Two Montanans saw some different crops and some different techniques during a recent harvest — a harvest on the opposite side of the world.
Isaac Drugge, a service technician at Torgerson’s LLC in Havre, and Lowell Harris, who works as a service technician for the farm implement dealership in Great Falls, helped out a fellow Case International Harvester dealer, Intersales, in Temora, New South Wales, during the harvest in Australia.
Drugge said he enjoyed his time working in Australia, adding that many things are the same, but many things are done differently.
“I got to learn a lot, ” Drugge said. “I learned from the technicians and dealership, and I also gave tips on how we do things up here. ”
Marty Hafliger, service manager at the Havre Torgerson’s, said the connection came about due to Torgerson’s relationship with a combine specialist from Australia.
Peter O’Connell travels around the world training technicians to work on combines, Hafliger said. He spends several weeks in Havre each year working with technicians from Torgerson’s.
“He’s kind of a got-to guy in Australia, ” Drugge said, adding, “I’ve learned a lot from him. ”
Hafliger said O’Connell asked if the Havre Torgerson’s staff members knew of anyone who might be able to help a dealership in Australia during its harvest, from October through December.
“He asked (Isaac) if he knew who would come to give a hand, ” Hafliger said.
Drugge, who lives in Zurich, said he went to Australia first — in a 14-hour airlplane flight — and later was joined by Harris.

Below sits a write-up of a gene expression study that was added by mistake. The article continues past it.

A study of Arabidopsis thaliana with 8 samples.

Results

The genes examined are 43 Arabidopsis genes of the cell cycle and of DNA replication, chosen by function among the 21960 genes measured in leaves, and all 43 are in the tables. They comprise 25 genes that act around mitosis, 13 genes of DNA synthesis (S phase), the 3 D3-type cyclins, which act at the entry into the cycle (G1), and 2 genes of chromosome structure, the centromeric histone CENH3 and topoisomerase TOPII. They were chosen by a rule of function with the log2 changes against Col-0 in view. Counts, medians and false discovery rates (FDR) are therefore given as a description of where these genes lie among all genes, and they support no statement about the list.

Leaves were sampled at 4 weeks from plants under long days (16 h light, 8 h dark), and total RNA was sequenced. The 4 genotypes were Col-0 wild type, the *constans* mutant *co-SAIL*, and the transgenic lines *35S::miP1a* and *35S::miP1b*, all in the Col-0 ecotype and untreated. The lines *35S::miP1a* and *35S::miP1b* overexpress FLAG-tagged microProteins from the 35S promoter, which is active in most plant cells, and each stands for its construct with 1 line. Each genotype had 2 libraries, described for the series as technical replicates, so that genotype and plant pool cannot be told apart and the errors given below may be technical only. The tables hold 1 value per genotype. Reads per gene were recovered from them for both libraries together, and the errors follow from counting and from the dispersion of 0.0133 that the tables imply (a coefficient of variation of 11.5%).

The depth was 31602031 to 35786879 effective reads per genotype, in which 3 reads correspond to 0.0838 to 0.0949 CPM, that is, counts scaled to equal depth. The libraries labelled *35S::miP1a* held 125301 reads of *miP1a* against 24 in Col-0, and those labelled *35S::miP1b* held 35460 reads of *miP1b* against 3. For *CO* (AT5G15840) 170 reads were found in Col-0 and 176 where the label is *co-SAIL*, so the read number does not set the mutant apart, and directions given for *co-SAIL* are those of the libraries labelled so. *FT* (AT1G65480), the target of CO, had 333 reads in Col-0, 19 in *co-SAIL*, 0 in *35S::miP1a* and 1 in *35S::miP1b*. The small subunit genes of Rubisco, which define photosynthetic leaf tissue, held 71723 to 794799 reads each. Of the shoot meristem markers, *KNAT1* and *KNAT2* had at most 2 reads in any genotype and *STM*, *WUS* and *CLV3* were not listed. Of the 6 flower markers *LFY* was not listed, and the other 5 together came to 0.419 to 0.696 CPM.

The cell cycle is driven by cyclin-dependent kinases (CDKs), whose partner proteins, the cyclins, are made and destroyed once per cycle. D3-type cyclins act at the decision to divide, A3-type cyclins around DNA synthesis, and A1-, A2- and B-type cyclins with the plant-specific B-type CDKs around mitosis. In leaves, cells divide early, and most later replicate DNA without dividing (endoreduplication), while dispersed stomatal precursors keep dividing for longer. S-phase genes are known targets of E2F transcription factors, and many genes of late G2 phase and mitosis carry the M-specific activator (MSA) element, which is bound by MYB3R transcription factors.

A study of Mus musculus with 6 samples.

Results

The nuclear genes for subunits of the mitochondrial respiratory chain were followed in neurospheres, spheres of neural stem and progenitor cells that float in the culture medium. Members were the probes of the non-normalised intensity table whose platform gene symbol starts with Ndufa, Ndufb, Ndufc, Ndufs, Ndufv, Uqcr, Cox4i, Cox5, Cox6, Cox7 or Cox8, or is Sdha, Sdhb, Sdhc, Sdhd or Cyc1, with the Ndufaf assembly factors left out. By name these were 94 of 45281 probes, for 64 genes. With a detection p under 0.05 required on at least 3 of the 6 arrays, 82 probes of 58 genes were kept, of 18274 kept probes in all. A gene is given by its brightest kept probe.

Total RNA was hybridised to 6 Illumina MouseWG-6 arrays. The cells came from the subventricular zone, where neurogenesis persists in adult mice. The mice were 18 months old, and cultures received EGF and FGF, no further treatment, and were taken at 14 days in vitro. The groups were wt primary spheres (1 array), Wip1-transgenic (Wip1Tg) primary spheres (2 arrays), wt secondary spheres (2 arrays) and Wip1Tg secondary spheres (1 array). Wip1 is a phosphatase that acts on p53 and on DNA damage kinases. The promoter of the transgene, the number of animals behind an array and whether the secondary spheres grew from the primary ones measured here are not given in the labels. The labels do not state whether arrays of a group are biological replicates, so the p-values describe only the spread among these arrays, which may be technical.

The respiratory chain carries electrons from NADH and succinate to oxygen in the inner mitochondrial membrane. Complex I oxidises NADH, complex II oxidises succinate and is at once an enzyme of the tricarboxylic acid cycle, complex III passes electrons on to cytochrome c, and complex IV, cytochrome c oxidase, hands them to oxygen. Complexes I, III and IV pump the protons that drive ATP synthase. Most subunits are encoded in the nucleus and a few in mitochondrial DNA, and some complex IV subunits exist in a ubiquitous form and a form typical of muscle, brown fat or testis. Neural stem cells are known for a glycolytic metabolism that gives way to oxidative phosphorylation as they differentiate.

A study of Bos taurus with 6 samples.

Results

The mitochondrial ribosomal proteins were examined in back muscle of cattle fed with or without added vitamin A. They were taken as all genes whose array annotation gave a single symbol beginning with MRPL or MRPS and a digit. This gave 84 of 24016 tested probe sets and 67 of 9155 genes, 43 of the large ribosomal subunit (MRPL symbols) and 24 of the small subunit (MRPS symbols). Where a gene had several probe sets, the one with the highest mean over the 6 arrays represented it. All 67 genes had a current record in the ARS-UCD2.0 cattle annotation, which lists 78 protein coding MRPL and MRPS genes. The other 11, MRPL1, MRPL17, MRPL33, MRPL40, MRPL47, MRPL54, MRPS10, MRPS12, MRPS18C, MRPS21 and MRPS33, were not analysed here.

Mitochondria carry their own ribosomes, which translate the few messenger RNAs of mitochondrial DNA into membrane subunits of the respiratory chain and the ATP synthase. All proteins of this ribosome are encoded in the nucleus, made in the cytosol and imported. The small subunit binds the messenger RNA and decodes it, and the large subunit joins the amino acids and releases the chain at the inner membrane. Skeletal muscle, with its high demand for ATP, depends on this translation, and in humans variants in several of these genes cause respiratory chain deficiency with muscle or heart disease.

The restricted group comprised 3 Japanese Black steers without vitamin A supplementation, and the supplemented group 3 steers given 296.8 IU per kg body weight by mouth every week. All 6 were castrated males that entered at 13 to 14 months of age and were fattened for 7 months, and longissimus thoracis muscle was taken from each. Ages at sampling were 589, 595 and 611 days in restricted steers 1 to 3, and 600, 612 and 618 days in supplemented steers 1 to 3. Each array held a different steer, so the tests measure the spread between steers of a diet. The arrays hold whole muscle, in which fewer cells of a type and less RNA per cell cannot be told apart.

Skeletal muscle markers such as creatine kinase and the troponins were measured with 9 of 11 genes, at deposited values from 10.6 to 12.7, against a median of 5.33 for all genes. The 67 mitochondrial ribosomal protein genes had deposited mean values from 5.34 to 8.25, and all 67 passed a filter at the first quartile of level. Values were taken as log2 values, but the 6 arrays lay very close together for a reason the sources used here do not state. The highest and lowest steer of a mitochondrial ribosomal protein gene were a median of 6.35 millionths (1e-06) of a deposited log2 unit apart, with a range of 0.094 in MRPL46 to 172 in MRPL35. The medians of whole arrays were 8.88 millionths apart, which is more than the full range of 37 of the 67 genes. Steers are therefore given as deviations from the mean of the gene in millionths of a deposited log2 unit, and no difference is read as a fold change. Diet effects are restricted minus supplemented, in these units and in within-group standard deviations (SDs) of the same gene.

He said it was his first trip out of the United States, and, once he got over his nervousness, had a lot of fun and learned a lot.
Harris said he had been to Australia before, some 15 years ago, when he spent a semester in college there.
“It wasn’t shocking for me, ” he said.
He also said the changes were interesting — most of the work was similar, but everyone does things a little differently.
“It was a good experience, ” he said. “We learned from those guys over there, and they learned from us. ”
Both Harris and Drugge said one major difference was in harvesting canola, which is not prevalent in north-central Montana. The oilseed is a major crop near Temora, they said.
Drugge said he learned a lot about harvesting that crop. The same combine is used to harvest grain and the oilseed, with some changes made on the equipment before switching crops.
He added that the oilseed is used as a rotation crop for the grain crops. No fields are left fallow.
“Every one of their fields produced a crop every year, ” Drugge said.
He said his work fell into two main areas: working on machinery in the field, also common during harvest in north-central Montana, and putting together, inspecting and testing headers to prepare them for delivery.
The business — the top-rated Case International Harvester dealership in Australia last year — was very busy, Drugge said. Intersales had 30 combines of the newest models to go out to customers who had never used them before. Part of the job is showing the customers how to use their new combines, called “headers” in Australia.
Drugge said he is interested in returning to Australia, possibly to a different region with a different climate and different crops, and in seeing some Australian technicians come up to help with the harvest in north-central Montana.
Hafliger said that could happen, and although nothing is final, discussions about doing just that are being held.
It could grow into a very beneficial relationship for dealers on both sides of the globe, he added.
“I think we’re just scratching the surface, ” Hafliger said.
“It’s a win-win for both dealerships, ” Drugge added.